Published:  July, 2008

Did You Know?
By Al Owens

Did you know I’ve written 20 of these “Did You Know” articles so far?

I’m frequently surprised whenever I discover the notable figures who’ve found their way to Fayette County over the years.

I decided to review some of those 20 articles and list those notable figures. (I sure hope you’ll allow me this tiny bit of self-indulgence)

Here goes.

My favorite discovery was that of the visit by John Philip Sousa to Uniontown in October of 1920 for a performance at the Penn Theatre. I mean that’s THE John Philip Sousa.

I get goose pimples just saying his name aloud.

There’ve been lots of world renowned athletes who’ve come to Fayette County for one reason or another.

Olympic champion Jesse Owens ran in an exhibition race in May of 1939 at Uniontown High School’s stadium.

Heavyweight champion Joe Louis played in an exhibition softball game at the same stadium in September of 1938.

Olympic champion, and later Hollywood’s Tarzan, Johnny Weismuller, swam in an exhibition race at the YMCA in downtown Uniontown in 1925.

In 1934, Mary, a 3,500 pound African rhinoceros, who’d co-starred with Weismuller in the movie “Tarzan and his Mate,” was brought to Uniontown as part of a publicity tour.

Local crowds gathered to see her in her pen in front of the State Theatre.
In October of 1938, a Pittsburgh Pirates football player (When the Steelers were still called the Pirates), who would later become a U.S. Supreme Court justice, Byron “Whizzer” White, came to the first night football game ever played in the area.
He was among the 5,000 fans who witnessed Uniontown High School’s football team beat Redstone 7-0.
In the spring of 1963, former heavyweight champion, Jersey Joe Walcott paid a visit to Brownsville and Uniontown.

In late August of 1947, future Baseball Hall of Famer, Whitey Ford, pitched during the second half of a double header at the Uniontown Speedway against the Uniontown Coal Barons.

Another future Baseball Hall of Famer, Stan Musial, led his Donora High School basketball team to a victory over Uniontown, at Lafayette Junior High School on February 11th, 1938.

Honus Wagner, who was actually voted into the Baseball Hall of Fame ahead of Babe Ruth, came to Uniontown a number of times.
He gave at least two speeches, and he donned baseball uniforms on at least three occasions.
In fact, in September of 1943, he brought with him another future Hall of Fame honoree, Dizzy Dean, who pitched in a game at South Union Stadium.

A man consider one of the greatest athletes in the nation’s history, Jim Thorpe, paid at least four visits to Fayette County during the 1920’s.
He played football in Brownsville. He played basketball in Uniontown and in Connellsville - and he attended a dance at the South Side Armory in Connellsville.

There were numerous visits to Fayette County by the famous Homestead Grays and the Pittsburgh Crawfords of the old Negro Leagues.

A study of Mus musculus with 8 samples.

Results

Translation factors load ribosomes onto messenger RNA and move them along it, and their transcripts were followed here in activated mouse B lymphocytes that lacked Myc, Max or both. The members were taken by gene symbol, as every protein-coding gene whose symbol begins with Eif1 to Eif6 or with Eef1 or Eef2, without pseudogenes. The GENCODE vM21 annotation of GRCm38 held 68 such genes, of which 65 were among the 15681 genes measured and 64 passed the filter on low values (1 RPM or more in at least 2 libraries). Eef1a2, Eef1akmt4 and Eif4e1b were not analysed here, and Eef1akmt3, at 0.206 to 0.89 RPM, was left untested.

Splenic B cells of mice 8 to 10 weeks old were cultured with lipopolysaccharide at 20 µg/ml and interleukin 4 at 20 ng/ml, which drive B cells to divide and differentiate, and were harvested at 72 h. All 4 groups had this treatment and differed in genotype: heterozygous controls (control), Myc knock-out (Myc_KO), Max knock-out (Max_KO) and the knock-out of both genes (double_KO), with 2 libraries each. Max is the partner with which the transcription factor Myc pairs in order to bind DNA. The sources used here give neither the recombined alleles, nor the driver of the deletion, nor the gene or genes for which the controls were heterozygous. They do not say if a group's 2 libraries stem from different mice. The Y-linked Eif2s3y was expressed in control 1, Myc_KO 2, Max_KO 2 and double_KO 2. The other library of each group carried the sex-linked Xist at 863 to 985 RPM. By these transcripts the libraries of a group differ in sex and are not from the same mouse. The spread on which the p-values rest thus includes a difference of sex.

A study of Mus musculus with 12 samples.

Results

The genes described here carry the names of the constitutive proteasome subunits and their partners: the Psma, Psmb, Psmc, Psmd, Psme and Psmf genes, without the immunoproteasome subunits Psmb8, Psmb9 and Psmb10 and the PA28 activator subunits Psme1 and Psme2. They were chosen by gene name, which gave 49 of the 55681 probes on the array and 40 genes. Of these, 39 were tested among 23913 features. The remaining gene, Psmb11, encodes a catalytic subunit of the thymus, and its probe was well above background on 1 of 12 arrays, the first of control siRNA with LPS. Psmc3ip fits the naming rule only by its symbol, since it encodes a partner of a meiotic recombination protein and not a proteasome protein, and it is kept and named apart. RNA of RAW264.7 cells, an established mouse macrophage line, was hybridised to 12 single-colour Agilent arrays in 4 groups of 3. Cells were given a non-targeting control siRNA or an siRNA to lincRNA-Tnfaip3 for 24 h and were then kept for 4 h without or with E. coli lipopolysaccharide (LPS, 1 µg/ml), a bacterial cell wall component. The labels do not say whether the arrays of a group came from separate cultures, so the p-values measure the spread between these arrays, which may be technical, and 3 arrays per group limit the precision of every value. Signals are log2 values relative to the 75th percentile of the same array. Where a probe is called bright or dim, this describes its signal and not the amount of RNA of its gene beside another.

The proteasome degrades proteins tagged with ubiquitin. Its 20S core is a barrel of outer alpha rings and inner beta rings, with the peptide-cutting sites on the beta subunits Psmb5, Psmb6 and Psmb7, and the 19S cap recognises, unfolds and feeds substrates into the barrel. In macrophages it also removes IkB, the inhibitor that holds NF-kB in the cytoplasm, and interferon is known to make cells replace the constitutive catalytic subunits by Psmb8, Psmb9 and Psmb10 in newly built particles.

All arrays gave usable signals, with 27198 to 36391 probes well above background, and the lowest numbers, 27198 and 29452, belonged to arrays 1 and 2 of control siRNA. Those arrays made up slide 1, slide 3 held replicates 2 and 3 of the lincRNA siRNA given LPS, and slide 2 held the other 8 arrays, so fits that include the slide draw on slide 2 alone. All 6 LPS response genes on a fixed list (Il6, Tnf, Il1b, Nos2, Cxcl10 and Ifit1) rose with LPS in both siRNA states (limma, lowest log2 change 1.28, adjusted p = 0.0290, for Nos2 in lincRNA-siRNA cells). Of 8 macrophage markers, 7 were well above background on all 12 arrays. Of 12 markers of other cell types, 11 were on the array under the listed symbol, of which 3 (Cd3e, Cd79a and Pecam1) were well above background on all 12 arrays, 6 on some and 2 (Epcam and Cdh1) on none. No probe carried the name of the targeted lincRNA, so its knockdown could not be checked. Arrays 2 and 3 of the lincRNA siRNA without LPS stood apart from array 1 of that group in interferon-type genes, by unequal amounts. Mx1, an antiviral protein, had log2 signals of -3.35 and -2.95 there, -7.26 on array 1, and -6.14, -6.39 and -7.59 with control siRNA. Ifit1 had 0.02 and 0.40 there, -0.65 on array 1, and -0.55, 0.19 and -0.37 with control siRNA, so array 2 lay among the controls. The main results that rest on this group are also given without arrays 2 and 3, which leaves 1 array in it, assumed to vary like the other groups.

Therefore, there were frequent games featuring a number of Baseball Hall of Famers.

Josh Gibson, Buck Leonard, Smokey Joe Williams, Oscar Charleston, Satchel Paige and Cool Papa Bell were among the legendary players who played against local and national talent over four decades.
Branch Rickey, led the way in helping to break the “color line” in baseball by hiring Jackie Robinson. That was in 1945.

In 1951, when he was the general manager of the Pittsburgh Pirates, he was the main speaker at a banquet honoring Uniontown High School’s undefeated football team that year.

Uniontown’s second undefeated football team that decade was in 1957. When that team was honored, it was Ohio State’s legendary football coach, Woody Hayes, who came to Uniontown and offered the keynote speech.

In December of 1972, future football Hall of Famer, Joe Montana led his Ringgold High School basketball team to victory over Uniontown’s Red Raiders in Uniontown.

The following spring, Montana returned as a baseball player, and was the winning pitcher against Laurel Highlands.
In May or 1960, Ted Marchibroda was one of the speakers at St. John’s Social Center in Uniontown. He was among the speakers at a banquet honoring the athletes of Perry-Lower Tyrone High School that year.

Marchibroda, who’d recently completed his playing days for the Pittsburgh Steelers, would later become the head coach for the Baltimore and Indianapolis Colts and the Baltimore Ravens.
In 1916, Louis Chevrolet (the developer of the car that bears his last name) won a big race at the Uniontown Speedway.

Two winners of U.S. Open golf Championships have lived, at least for a time, in Fayette County.

2003 U.S. Open winner, Jim Furyk, lived in Uniontown as a young man, while his father was a local golf pro.

But long before Furyk lived in the area, the 1935 U.S. Open Champion, Sam Parks was the golf pro at the Summit Hotel golf course.

Did you know (and I’m fairly certain you already did) there have been dozens of world class celebrities who’ve performed in the area? There have been, and I’ll review many of them in the near future.